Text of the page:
As the new millennium approached, the buzz about the end of the world and impending catastrophe raised great panic in the West. People had gone paranoid selling their homes and hoarding groceries and I was travelling from coast to coast assuring them that no such thing would happen. Thankfully the World did not disappear and it was business as usual!
In August, 2000, I was in New York City to address the UN Millennium World Peace Summit, which opened with an address by the UN Secretary General Kofi Anan. A huge contingent from the Indian subcontinent was present. Perhaps for the first time a large number of saffron clad swamis had come to a UN summit.
The speeches had been live translated in many languages, but not Hindi. Many of the swamis and acharyas could hardly understand the proceedings. There was palpable frustration and disappointment in the group. At that moment, I felt that we had far better organizational skills and the potential to do much bigger events.
The speakers were given five minutes each. I finished my speech in four. Satyanarayan Goenkaji was to speak after me. He went on speaking beyond the stipulated time. The warning bell rang – once, twice, thrice, yet he continued. Eventually, he had to be stopped and taken away from the podium, causing an embarrassment to the Indian contingent.
After the summit, we were sitting in the lobby. A man in a blue Safari suit was sitting right across me. Goenkaji was seated next to him, complaining that he flew all the way for 18 hours, and was not even given half an hour to speak. After a while, Dr B K Modi, the Coordinator for the Indian subcontinent for the Millennium World Peace Summit, introduced the man in blue safari as Sri Narendra Modi, an RSS pracharak. Narendra Modi greeted me and said, “Your speech was short and to the point and everyone appreciated it.” I was not sure if he was complimenting me or giving a subtle message about what had happened earlier in the day. I smiled and moved away. This was my first encounter with Narendra Modi.
In December, 2001, a few months after Modi became the Chief Minister of Gujarat, I received a phone call from Mehul, one of our coordinators in Ahmedabad. He told me that a reliable source had informed him of a riot being planned to create trouble for the new Modi government. The riots broke out in February, 2002 and numbed the nation into grief, sorrow and distrust. Nobody could and should condone the scale of violence that took place following the burning of karsevaks in a train.
Soon after the riots, the Art of Living volunteers started trauma care activities in relief camps. I visited many camps in Ahmedabad including the Shah Alam Camp. I listened to the plight of the victims from both the communities. It was a horror story laced with overflowing emotions and victim-hood. I came back to Bangalore without meeting the Chief Minister and we continued our relief efforts for many months.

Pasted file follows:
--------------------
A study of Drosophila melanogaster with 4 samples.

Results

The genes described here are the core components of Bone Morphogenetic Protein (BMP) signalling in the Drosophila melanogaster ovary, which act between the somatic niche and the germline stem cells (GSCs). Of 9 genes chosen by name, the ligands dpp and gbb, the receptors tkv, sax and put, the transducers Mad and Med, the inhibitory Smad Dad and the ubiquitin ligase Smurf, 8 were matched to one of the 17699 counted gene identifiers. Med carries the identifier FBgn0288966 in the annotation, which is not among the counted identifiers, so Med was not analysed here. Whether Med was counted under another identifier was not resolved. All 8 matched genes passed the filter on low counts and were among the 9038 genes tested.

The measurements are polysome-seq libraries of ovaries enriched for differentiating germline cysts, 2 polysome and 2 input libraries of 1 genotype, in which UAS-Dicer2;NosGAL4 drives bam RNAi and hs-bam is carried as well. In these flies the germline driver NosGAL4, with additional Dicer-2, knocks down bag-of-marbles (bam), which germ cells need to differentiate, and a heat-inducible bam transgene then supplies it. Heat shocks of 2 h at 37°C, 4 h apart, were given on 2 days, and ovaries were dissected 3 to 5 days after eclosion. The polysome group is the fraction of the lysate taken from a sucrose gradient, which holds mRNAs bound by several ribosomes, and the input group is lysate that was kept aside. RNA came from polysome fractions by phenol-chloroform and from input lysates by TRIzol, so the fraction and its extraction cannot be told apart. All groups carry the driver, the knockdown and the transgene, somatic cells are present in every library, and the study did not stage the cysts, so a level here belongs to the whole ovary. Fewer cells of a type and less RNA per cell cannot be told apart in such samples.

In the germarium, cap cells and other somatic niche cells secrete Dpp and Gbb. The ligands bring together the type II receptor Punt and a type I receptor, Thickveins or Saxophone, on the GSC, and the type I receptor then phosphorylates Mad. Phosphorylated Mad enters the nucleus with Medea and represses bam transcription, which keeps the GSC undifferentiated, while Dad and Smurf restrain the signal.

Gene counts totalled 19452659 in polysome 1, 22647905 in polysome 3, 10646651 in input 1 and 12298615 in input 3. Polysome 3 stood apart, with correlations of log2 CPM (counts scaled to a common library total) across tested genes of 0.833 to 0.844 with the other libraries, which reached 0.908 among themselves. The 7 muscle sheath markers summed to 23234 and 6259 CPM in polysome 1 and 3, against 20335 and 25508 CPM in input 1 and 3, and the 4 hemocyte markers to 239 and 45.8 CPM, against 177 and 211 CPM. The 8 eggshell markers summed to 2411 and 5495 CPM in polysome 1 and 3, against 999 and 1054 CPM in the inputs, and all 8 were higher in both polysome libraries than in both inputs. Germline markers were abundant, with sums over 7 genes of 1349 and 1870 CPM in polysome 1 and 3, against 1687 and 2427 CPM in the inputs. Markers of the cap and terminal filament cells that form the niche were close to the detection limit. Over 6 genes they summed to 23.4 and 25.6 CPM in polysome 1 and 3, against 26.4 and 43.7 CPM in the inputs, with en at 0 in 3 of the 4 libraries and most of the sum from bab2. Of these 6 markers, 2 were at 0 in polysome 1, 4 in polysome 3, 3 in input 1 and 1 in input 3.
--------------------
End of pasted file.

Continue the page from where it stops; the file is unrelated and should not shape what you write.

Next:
I met prominent people on both sides to keep the interfaith dialogue going. A few people alleged that Sangh Pariwar had set their own people on fire in the train to create an excuse to attack the minorities. I disagreed.
It was in these sombre settings that I met Narendra Modi for the second time. I visited Gujarat again in 2004. By then, the battle lines were clearly drawn. Modi had become a pariah. Bashing him had become a fashion. People who differed even slightly with this trend were branded communal or belonging to RSS and VHP.
I decided to confront him directly. As soon as we settled down for our meeting, I looked into his eyes and asked him, “Did you do all that was in your capacity to stop these riots?” The directness of my question surprised him. After regaining his composure, he replied with moist eyes, “Guruji, do you also believe in this propaganda?”
Nothing much was spoken after that. I knew he could not have played a role in the riots. Why would a chief minister paint his face black and destroy his own reputation? It didn’t make any sense. We sat in silence for few minutes. I assured him that the truth was on his side and one day the whole nation would recognize him.
In the years that followed, whenever I would visit Gujarat, he would come and sit with me in meditation for a few minutes. Often he shared what work he had done in villages, knowing that rural development is dear to me. Sometimes, he would also participate in our satsangs. He is a staunch devotee of Ma Durga and has a very strong spiritual side that is not widely known.
I first met him in the US, where he has not been welcomed for several years. The last time he went there was in 2000 as a devout social worker. Much water has flown under the bridge in the last 14 years. His next visit might be as the head of the world’s largest democracy.